16 December 2011

Viridor has been chosen as the ‘Preferred Bidder’ by the South London Waste Partnership for its 25-year residual waste treatment contract.

Once signed, the contract will ensure that from April 2014, up to 215,000 tonnes of ‘residual waste’ (rubbish that has not been sorted by residents for composting or recycling) that is generated every year by households in Croydon, Kingston, Merton and Sutton will no longer be buried in expensive and environmentally unsustainable landfill sites.

Instead, if planning permission is achieved, the waste will be treated in a state-of-the-art Energy Recovery Facility which will use tried and tested methods to extract valuable electricity and, if viable, heat from it.

To achieve all of this, Viridor is proposing to build an Energy Recovery Facility on a plot of land just off Beddington Lane in the London Borough of Sutton. The new facility would be located right next to an existing 92-hectare landfill site, which it will replace. This landfill site is also operated by Viridor and is currently where the Partnership sends most of the residual waste collected from households in Croydon, Kingston, Merton and Sutton.

Viridor’s proposal will be subject to a very detailed and public planning application process, which will include a thorough Environmental Impact Assessment considering issues around land use, design, traffic, air quality and sustainability. Residents in all four council areas will be able to contribute to the planning process in Sutton, which will give equal measure to the views of people in each borough.

The Beddington Lane landfill site, which receives up to 400,000 tonnes of waste every year, is expected to be full within the next 10 years. Once full, the plan is to restore the land to become part of a regional park. The new Energy Recovery Facility would make it possible to accelerate this work, which is already underway, and bring the restoration of the land forward.

Other benefits for the local Beddington community would include local investment, job creation (approximately 40 full time staff would be required to operate the new facility) and, subject to discussions with the planning authority, other local amenity improvements.

At the start of the procurement process back in May 2008, the Partnership made a pledge to residents that the new contract would put in place arrangements that were more environmentally friendly and cost-effective than landfill. That pledge has been kept:

• Treating residual waste in a modern Energy Recovery Facility is far more environmentally friendly than burying it in landfill sites: The contract with Viridor will see a significant reduction in CO2 emissions over landfill.

• The new residual waste treatment contract will be cheaper than landfill from day one. Over the 25-year lifetime of the contract it will save the four partner boroughs around £200 million by ensuring that strict Government-controlled limits on landfill waste are met, avoiding severe financial penalties in the process.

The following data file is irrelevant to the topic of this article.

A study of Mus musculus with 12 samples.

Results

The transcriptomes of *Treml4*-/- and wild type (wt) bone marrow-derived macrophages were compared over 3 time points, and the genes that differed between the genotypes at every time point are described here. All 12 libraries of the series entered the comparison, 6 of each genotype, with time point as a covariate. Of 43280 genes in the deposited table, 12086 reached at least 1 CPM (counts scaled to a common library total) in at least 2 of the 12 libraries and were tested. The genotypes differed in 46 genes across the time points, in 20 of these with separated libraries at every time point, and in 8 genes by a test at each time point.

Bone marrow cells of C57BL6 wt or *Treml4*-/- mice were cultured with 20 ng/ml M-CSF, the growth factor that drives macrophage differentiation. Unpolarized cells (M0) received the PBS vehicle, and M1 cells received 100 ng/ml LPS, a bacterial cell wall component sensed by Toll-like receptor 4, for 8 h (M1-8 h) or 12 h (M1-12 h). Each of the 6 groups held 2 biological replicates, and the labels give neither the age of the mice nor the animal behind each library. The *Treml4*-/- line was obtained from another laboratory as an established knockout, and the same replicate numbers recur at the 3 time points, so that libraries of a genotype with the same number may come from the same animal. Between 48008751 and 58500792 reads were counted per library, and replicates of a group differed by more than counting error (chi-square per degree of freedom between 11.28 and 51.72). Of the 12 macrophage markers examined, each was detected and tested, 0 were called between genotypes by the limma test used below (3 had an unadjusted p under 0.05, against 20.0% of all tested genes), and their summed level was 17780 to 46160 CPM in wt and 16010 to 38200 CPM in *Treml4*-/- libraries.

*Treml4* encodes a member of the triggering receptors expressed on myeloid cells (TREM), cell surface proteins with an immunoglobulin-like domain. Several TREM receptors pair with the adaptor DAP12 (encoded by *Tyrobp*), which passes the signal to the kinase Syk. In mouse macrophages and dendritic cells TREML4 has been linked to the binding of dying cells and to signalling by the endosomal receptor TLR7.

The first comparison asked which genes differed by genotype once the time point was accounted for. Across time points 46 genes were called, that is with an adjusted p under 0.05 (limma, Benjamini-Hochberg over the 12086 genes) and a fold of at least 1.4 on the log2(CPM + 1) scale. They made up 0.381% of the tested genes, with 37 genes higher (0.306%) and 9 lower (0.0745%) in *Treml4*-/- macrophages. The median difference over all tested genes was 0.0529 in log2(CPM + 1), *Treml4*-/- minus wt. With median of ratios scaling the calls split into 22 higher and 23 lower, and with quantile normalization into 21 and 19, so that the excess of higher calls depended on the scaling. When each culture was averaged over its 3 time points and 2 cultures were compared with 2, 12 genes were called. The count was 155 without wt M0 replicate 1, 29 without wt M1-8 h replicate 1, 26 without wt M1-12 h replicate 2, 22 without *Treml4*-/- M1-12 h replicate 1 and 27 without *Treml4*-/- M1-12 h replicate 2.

The proposed Energy Recovery Facility would be safe, robust and highly effective in treating the residual waste delivered to the site. It would be built by a highly experienced, Viridor-led consortium, which has already built many high quality plants across Europe and in the UK. Once built, the facility would be operated by Viridor; a respected company with decades of relevant experience, using tried and tested technologies. As with all facilities of this type, it would be closely monitored by the Environment Agency to ensure that it meets the incredibly strict emissions criteria set out in the European Union’s Waste Incineration Directive.

Councillor Phil Thomas, Chair of the South London Waste Partnership Joint Waste Committee, said: 

“Awarding Preferred Bidder status was a huge decision, but the Joint Waste Committee is confident that the right decision has been made: Viridor had the strongest bid when assessed against the evaluation criteria. It is now for the planning process to forensically study whether the proposal is appropriate for the Beddington area.

“The Energy Recovery Facility proposed by Viridor is an intelligent solution to a huge environmental and financial challenge. Of course it is important that we all continue to minimise the amount of waste we produce and then recycle and compost as much as we can. But a modern Energy Recovery Facility has an important role to play in ensuring that we can prevent even non-recyclable waste from ending up in landfill sites, costing both the environment and council tax payers dearly.”

Councillor Thomas continues:

“I know that residents who live in the vicinity of the Beddington Lane site will have lots of questions around issues like traffic and emissions. We are committed to systematically working through these and a lot of effort will go into making sure everyone has the chance to have their say on these issues.”

As Preferred Bidder, Viridor will now enter into the final stage of the Procurement Process, ‘Financial Close’, where detailed information relating to the contract will be finalised and agreed with the Partnership. The contract should be awarded by August 2012.

WRG is the Partnership’s ‘Reserved Bidder’.